Thursday, December 1, 2011
Hits and Misses: The Best and Worst of the GRAMMY 2012 Nominees
Because, frankly, the GRAMMYs become less significant with each passing year (for reasons detailed here).
But another part of me (the part that generally avoids using Gone with the Wind references and dreams of Rihanna one day being a GRAMMY queen) can't help but weigh in on the nominations that were announced on November 30. I've always thought that the GRAMMY nominations were more interesting for the snubs than for those recognized, and this year was no different.
The absence that surprised me the most wasn't that of the year's top nominee Kanye West (7 nods) in the Album of the Year category for the rapturously reviewed My Beautiful Dark Twisted Fantasy. I suspect that by releasing Watch the Throne, his collaboration with Jay-Z, in 2011, he was destined to split votes with himself in that category. Or maybe nobody wanted to haul him off the stage when Adele wins for 21.
The one album I was sure would get in was The Union, the end-of-2010 collaboration between Elton John and Leon Russell. It was praised by critics and even scored a 2011 GRAMMY nomination for the track "If It Wasn't for Bad." But this year, unlike in the past, the National Academy of Recording Arts & Sciences apparently isn't into geezers. There's no Robert Plant or Herbie Hancock or Steely Dan or Tony Bennett in the Album of the Year category to steal the top prize from Adele.
The most tenured act is Foo Fighters, who are still about a solid half decade away from being geezers, and if anyone can pull the rug out from under Adele, it's these guys, nodded here for the second time. (Believe it not, Foo Fighter Dave Grohl's former band, Nirvana, was never recognized in this category, probably because the GRAMMYs were still a few years away from acknowledging cool music.)
I'm also a bit surprised to see former Album of the Year winner Taylor Swift shut out of the major categories, but I probably shouldn't be. Speak Now was a huge commercial success, but it failed to launch the massive hit single that country albums need in order to be serious contenders in the top categories.
I'm still not sure how I feel about combining male and female performers in the vocal categories, though it will make for a bit more suspense on GRAMMY night (February 21). One thing I'm definitely liking, though, is how the top categories are divided between solidly mainstream acts (Rihanna, Lady Gaga, Bruno Mars, Katy Perry) and ones you're less likely to hear all over the radio (Mumford & Sons, Bon Iver, Shrillex).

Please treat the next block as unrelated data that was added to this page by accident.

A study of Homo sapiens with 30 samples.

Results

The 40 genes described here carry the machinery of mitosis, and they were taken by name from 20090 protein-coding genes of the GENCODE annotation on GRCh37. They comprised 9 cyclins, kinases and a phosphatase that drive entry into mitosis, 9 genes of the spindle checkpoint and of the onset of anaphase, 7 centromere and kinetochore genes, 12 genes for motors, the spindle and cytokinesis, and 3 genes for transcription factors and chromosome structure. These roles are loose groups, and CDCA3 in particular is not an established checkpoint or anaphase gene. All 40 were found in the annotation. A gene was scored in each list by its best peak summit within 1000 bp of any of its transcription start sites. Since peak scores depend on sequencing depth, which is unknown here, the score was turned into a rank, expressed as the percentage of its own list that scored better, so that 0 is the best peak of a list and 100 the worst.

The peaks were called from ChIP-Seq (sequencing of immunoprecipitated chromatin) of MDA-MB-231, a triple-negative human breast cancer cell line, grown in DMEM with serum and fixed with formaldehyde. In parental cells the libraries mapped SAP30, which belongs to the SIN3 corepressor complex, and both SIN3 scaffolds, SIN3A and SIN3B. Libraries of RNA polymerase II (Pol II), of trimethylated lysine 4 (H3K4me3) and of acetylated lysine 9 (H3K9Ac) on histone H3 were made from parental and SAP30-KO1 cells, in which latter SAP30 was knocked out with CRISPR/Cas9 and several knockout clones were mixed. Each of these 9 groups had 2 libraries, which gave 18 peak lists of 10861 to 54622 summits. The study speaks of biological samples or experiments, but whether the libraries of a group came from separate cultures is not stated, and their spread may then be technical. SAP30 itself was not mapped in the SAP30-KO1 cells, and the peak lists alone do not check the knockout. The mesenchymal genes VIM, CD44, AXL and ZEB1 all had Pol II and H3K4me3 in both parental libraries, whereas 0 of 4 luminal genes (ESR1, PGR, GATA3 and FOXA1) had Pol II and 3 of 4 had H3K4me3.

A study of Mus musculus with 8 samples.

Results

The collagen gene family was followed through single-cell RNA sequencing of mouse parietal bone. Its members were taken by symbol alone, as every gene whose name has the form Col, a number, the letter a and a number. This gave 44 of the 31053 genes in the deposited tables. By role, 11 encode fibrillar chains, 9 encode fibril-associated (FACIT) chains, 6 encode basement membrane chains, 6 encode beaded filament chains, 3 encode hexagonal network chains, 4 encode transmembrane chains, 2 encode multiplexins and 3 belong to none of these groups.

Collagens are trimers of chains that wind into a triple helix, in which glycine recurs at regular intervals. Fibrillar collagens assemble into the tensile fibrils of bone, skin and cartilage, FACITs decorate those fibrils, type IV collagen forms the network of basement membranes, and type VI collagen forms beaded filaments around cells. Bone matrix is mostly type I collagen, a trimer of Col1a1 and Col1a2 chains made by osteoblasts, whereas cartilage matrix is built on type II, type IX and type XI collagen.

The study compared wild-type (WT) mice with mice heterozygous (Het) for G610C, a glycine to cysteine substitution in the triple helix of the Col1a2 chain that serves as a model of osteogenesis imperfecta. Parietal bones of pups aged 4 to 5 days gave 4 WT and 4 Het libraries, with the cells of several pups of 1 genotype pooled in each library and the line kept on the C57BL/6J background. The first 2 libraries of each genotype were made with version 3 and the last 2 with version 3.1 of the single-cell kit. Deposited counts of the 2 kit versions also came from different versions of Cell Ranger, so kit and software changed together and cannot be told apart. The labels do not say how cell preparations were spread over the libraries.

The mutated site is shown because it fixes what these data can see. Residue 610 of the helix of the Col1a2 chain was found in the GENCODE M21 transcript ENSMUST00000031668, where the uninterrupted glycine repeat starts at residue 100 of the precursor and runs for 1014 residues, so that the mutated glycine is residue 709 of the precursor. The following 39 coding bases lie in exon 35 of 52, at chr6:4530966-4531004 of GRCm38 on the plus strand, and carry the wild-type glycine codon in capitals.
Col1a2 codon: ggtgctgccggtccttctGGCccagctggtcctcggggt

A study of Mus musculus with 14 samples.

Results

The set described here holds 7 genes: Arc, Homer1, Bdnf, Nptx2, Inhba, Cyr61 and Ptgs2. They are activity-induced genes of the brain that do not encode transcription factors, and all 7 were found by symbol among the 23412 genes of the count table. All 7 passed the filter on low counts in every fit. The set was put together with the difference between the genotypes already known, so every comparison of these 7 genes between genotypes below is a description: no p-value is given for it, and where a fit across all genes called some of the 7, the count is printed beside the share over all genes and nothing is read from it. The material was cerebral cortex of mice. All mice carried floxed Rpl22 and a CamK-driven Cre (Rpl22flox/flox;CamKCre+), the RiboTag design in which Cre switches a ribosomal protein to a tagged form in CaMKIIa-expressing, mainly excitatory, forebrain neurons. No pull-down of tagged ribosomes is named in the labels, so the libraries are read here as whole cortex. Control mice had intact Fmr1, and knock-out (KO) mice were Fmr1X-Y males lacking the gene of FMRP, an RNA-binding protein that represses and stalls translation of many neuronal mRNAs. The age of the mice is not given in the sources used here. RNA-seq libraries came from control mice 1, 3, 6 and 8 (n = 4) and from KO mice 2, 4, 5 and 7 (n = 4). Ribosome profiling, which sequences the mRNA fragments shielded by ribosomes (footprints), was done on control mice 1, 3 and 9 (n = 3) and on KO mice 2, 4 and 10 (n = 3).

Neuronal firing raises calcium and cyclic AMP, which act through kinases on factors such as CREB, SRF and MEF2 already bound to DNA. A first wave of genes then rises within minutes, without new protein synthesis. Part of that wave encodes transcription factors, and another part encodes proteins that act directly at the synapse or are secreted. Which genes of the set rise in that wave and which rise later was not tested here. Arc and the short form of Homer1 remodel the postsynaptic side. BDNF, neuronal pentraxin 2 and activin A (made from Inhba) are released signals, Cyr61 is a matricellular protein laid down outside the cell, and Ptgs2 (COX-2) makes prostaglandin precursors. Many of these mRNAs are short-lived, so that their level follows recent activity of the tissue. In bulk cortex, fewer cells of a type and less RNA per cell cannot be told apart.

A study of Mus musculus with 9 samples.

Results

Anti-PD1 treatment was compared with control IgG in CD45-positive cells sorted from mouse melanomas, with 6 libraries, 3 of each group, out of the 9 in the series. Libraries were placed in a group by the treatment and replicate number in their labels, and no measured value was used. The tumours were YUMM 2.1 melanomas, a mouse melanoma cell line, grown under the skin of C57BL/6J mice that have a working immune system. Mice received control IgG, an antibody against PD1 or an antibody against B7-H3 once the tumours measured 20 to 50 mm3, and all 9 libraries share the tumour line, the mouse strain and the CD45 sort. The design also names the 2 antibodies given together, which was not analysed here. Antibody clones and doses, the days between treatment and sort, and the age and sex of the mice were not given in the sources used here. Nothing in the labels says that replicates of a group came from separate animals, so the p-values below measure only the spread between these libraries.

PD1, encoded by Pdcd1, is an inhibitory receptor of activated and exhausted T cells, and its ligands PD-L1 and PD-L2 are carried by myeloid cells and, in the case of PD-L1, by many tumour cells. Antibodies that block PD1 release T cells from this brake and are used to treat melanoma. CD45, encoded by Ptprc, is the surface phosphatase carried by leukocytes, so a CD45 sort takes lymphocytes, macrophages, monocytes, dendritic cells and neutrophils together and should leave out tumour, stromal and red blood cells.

But no Foster the People in Best New Artist, or Record of the Year? A travesty! That's the bad news. The trio did score in Best Pop Duo/Group Performance for "Pumped Up Kicks" and Best Alternative Music Album for Torches, which is pretty contradictory. But if calling FTP "pop" and "alternative" is what it takes to get these guys two shots at a GRAMMY, who am I to complain?
Here are a few more GRAMMY 2012 hits and misses.
MISS I'm not sure what the difference is between Best R&B Performance and Best Traditional R&B Performance, especially when neither category could find a spot for Chris Brown, Beyonce or Kelly Rowland, three of the best singers in R&B, all of whom released albums in 2010.
HIT At least we'll still get our Beyonce vs. Kelly in Best Rap/Sung Collaboration. Beyonce and Andre 3000's "Party" is up against Kelly Rowland and Lil Wayne's "Motivation." I'm totally on Team Kelly, whose "Motivation" is one of the best things I heard and saw in 2011 (the video is my favorite clip of the year), but I could see this being Rihanna and Drake's consolation prize for having such a great year.
MISS Consider all of the fantastic dance music produced in 2011. Then consider this: How did Duck Sauce's "Barbra Streisand" end up being deemed one of the six best by the Academy while Jennifer Lopez's brilliant "On the Floor" (yes, brilliant), which remains in heavy rotation under strobe lights around the world, didn't even get a nod?
HIT Colplay's Mylo Xyloto came out too late in the year to be eligible for Album of the year, but both of the first two singles, "Every Teardrop Is a Waterfall" and "Paradise," were deservedly recognized, in Best Rock Performance and Best Pop/Duo Group Performance, respectively. Here the category distinction actually makes sense.
MISS After giving Esperanza Spalding the Best New Artist Grammy over Drake and Justin Bieber last year, the Academy probably will feel the need to stay out on a limb, which is not such good news for The Band Perry and Nicki Minaj, who deserves the prize just for keeping the dream alive for Women in Rap. If Bon Iver loses, I'll eat the trophy.
But the Academy really likes to mess with us in this category, so I'll be sure to have a light dinner.